Chances of Winning a Super Bowl – Shrinking Dreams

chances of winning a super bowl

Chances are, you will remember when you were a kid you had dreams of being an astronaut, president and, in my case, a QVC host.


But why do those dreams shrink?


Why do we settle for a life that is simply satisfactory and chalk up our childish dreams to naivety?


True, we can “grow up” and realize we don’t love risk and shift our dreams—but it isn’t just that, see?


Our dreams don’t just shift, they shrink.




Well, because life happens. Our dreams are like a giant balloon and life is a maze of pins. We learn that the bigger our dreams, the harder it is to navigate through life because of the twists and turns provide the sharp reality of disappointments to burst our bubble. From grades to crushes to tryouts…life’s disappointments teach us that is it easier to deflate than navigate.


Let’s say you’re a young optimistic football player who dreams of making the high school team. People might encourage you, but they know something you might not: life. They know that an NFL career isn’t much of a career at all. Injuries mean that if you make it into the NFL AND make opening day roster, your career is less than 6 years (and less than 3 years by other estimates) (NFL).

But let’s just say that you make the high school football team.

  • Only 3-6% of high school football players will see ever the NCAA field—on any level, (D1-JC)
  • Only .3% of college players will be drafted (BI)
  • And with 32 teams in the NFL, 1 super bowl champion per year, an average of 7 teams winning every 10 years, with a 23% player turnover—only 2.5% of NFL players win a super bowl. (NFL)
  • So BEST case scenario you have a .000005% chance of winning super bowl. That means that once you make the cuts for the varsity high school football team, you have less than 1/200,000 of winning a super bowl.
  • You are almost 70x MORE likely to be struck by lightening. (National Geographic)


And guess what, since people love you, they don’t want to see you disappointed and hurt, so they will encourage you to become an accountant. Basically what happens from a kid optimistic about being president to him being 25 years in a dead-end job that he doesn’t like is simple: the gap. We learn that there is a gap between what we desire and what happens, ideal and real, our dreams and waking up. Curiosity fades as we find out that magic isn’t real, Santa doesn’t exist and almost everything we thought we could be, doesn’t happen. And if it does, we are convinced that it most certainly won’t happen to us. After all, we’re just not someone special.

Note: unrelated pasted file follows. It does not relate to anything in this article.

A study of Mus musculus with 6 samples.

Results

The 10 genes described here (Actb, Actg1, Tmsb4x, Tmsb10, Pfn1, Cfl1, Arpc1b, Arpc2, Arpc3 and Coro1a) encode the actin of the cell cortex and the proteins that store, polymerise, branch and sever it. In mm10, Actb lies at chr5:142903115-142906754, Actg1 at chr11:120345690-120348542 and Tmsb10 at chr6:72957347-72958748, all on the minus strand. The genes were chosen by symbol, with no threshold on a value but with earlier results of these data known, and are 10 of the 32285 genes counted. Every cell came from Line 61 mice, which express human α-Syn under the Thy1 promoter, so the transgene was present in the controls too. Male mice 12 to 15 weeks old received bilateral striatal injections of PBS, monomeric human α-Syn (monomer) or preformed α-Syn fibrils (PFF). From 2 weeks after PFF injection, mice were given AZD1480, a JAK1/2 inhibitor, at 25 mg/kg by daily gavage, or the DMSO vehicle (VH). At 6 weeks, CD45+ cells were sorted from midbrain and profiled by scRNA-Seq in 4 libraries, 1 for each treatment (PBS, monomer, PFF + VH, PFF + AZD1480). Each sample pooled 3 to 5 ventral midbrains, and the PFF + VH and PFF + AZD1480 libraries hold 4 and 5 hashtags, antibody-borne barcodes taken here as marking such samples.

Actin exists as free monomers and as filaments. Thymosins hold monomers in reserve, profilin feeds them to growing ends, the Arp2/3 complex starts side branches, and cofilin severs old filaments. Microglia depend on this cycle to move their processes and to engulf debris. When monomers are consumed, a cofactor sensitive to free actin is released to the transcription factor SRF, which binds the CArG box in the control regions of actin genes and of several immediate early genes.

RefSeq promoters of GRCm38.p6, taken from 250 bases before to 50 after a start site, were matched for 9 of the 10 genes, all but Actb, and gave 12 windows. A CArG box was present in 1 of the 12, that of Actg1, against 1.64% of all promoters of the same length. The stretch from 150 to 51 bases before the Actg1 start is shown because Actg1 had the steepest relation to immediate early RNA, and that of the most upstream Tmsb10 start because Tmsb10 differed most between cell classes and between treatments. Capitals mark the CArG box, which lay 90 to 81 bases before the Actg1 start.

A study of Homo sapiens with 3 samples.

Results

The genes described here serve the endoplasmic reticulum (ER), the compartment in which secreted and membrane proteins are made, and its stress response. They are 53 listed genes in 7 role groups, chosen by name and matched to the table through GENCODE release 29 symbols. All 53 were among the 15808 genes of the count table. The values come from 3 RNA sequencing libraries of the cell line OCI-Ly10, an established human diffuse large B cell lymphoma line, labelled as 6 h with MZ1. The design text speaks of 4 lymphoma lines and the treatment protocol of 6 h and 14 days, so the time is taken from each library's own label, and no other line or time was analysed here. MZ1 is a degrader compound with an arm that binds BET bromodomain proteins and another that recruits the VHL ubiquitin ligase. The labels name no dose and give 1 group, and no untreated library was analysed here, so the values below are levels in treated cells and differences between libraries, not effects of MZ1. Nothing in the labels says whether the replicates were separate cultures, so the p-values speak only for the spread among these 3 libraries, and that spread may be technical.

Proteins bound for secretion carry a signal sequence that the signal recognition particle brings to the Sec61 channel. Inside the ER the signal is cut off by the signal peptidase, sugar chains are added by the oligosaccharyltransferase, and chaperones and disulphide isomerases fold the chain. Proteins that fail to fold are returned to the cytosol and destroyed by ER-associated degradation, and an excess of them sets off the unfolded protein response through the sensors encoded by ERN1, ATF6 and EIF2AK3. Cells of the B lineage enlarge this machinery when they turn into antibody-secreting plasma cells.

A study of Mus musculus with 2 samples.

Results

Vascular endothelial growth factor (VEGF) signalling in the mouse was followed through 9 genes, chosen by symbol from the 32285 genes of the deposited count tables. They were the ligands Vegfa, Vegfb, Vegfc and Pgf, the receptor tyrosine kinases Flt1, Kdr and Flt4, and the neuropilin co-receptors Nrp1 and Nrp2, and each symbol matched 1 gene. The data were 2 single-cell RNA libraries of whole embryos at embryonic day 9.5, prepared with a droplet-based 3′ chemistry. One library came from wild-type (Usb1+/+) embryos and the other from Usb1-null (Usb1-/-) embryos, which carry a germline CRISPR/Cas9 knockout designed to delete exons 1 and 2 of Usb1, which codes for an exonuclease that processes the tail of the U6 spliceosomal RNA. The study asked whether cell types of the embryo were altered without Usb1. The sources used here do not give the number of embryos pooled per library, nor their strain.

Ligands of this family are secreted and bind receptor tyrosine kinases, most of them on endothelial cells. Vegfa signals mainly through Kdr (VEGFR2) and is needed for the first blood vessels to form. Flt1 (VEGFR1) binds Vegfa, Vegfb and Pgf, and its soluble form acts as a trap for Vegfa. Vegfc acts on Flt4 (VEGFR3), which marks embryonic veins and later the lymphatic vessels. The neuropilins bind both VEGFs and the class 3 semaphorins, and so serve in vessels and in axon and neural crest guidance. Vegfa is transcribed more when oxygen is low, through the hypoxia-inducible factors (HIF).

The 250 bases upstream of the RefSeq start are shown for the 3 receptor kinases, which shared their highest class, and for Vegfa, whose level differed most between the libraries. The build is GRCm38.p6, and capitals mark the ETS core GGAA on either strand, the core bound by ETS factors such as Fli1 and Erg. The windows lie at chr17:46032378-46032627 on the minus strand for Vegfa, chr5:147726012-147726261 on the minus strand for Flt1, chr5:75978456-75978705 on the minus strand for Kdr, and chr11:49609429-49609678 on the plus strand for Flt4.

But I had the great “luck” and privilege to call my hero, “dad.” He defied the odds.


Living under the same roof as a guy who played professional football for 14 years and won 3 super bowls I learned something…that SOMEone in 200,000 will do it.


Nelson Mandela said, “It always seems impossible until it’s done.”


Why not you?


You know what fills that gap between dreams and reality? Hard work, persistence, dedication, consistency, optimism…and most of all belief.


My mother asked me one day why I didn’t just get a job instead of starting my own company and I told her, “Mother, if I don’t believe in myself, who else will?”


Thomas S Monson, “Don’t limit yourself and don’t let others convince you that you are limited in what you can do. Believe in yourself and then live so as to reach your possibilities. You can achieve what you believe you can. Trust and believe and have faith.” (“Living the Abundant Life,” Ensign, Jan 2012)


So does lightning strike? Ask my dad. And where does it strike? It strikes the place on the earth that is closest to the sky containing the most positive energy.


Put your head in the clouds and see what happens.


Don’t deflate your balloon of dreams to succumb to life’s hard and pointed facts, but rise above with belief! Because if you truly believe that you can defy the odds, chances are—you will.